Wine, Food, And The Pursuit Of Happiness

Tuesday, April 1, 2014

3 Ways To Hold A Wine Glass: The Right Way, The Wrong Way, And The Way You're Doing It

Keep you hands on the stem
where I can see them!

One of the comic and frustrating things about the wine world is trying to figure out if you're doing it right or not. People wonder if they're hurting their wine by not letting it breathe. Wine lovers know they're being judged by what they like and don't like - the wine world is not alone in doing this - and if they're drinking the right wine or not.

Most of the time, no matter what you do, you're left feeling like you're doing it wrong. Even something as simple as holding a wine glass.

Since I essentially hold a wine glass while talking for a living, this glass handling question comes up a lot, and it's fair to say I am pretty familiar with all the different ways our species has developed to get wine into our mouths.

The main question is, should you touch the glass or only handle the glass by the stem? And doesn't it warm the wine up when you touch the glass and mess up its otherwise perfect temperature?
Much maligned, much smudging

There's no question, you could warm up a glass of wine by cupping the wine in your hands and conducting your body temperature through the glass. I'm not sure a lot of this happens when you just pick a wine glass up normally, but one thing that does happen is smudging and smearing. If you're a visually oriented person, this can mess up your whole visual field.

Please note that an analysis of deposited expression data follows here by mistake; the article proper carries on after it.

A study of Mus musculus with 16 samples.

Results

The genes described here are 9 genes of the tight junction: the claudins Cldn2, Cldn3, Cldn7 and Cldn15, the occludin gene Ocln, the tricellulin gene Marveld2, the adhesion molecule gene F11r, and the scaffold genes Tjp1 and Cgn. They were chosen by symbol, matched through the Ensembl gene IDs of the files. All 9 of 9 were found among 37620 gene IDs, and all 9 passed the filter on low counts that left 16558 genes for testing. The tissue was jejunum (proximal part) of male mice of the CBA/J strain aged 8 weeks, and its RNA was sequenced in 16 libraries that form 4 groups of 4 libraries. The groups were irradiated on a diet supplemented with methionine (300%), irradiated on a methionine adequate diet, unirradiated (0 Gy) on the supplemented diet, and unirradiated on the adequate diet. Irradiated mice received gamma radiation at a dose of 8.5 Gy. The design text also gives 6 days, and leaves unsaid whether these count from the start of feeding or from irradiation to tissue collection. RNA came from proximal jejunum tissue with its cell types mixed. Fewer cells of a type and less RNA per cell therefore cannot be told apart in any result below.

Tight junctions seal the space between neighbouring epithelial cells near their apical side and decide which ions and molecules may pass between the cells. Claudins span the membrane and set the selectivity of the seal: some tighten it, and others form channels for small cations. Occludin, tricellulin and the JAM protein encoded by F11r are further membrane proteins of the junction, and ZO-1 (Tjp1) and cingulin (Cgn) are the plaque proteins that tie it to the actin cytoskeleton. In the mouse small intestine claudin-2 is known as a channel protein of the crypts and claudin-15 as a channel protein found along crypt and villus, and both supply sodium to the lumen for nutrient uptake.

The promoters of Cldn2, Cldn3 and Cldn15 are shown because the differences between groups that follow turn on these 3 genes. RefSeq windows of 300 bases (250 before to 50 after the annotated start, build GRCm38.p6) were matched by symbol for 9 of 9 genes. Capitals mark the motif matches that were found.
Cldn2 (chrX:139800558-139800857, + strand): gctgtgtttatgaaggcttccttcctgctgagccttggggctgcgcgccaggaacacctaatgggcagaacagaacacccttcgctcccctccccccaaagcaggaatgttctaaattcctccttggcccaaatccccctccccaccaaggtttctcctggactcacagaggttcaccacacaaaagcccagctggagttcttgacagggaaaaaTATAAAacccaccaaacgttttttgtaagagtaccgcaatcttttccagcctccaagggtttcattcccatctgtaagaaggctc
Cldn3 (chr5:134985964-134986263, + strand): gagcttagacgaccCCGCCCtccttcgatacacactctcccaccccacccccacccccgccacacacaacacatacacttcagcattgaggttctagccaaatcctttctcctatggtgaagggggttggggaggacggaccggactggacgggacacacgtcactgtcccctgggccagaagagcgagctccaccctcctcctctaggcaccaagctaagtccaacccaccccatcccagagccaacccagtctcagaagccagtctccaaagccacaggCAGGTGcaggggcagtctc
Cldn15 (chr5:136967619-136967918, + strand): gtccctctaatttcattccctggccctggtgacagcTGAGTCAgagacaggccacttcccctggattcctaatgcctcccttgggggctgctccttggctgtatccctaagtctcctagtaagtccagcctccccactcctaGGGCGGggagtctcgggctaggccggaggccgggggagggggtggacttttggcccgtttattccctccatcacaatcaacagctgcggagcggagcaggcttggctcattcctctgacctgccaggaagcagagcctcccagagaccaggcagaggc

If there is a good technical reason for handling the wine glass only by the stem, this is it, to preserve the clarity of the glass. And if my wife didn't hold her glass this way, how would I be able to tell our wine glasses apart?

The Claw - pompous, unbearable,
I do this sometimes
Finally - and most off-putting of all the ways to hold a wine glass - The Claw, where you clasp the glass firmly by the base and hold on for dear life.

I have to confess, I do tend to fall into The Claw from time to time. Maybe it's my rheumatism acting up, but I need some variety after an hour or so, and I find myself clamped down like this sometimes, and I apologize to everyone who's had to witness it.

I know you're wondering, can that really be how I'm supposed to hold my wine glass? As always, the answer is, try all the different ways and do what works best for you.

Besides, what do you do when you confront a stemless wine glass?

Thursday, January 16, 2014

Is It OK To Love Blended Wines?

Blending in
Sometimes a question that comes up in wine class is just a question.

What's the difference between Pinot Noir and Cabernet?  Where is Rioja located in Spain?  What makes red wine red?  These sorts of fact-based or detail questions can be relatively easy to answer, or at least easy to look up in The Big Book Of Answers (also know as The Oxford Companion To Wine), which we do any time we need to.

Now and then, wine class questions can get a little more complicated.  Saturday night during Wine 101: How To Taste Wine And Why, the conversation turned to blended wines, and someone asked, "Is it OK to love blended wine?" and the question surprised me a little.  Embedded within this question is the idea that somehow it's not OK to love blended wine, so I asked: what's wrong with blended wine?

You do the math
I learned - in no uncertain terms - that the majority of these wine lovers, even at the beginning of their wine educations, had picked up the notion.that blended wines are cheaper, lower quality, just generally not as good as wines that are made from one grape.  Truth is, some of the planet's most famous, most expensive, most sought-after wines - Bordeaux, Chianti, Rioja, Chateauneuf-du-Pape, and more - are blended wines, and have been for a long time.

The short answer is that it is OK - more than OK, really - to love blended wines.  Your taste is never wrong, and whatever wine you love, that's exactly what you're supposed to be doing.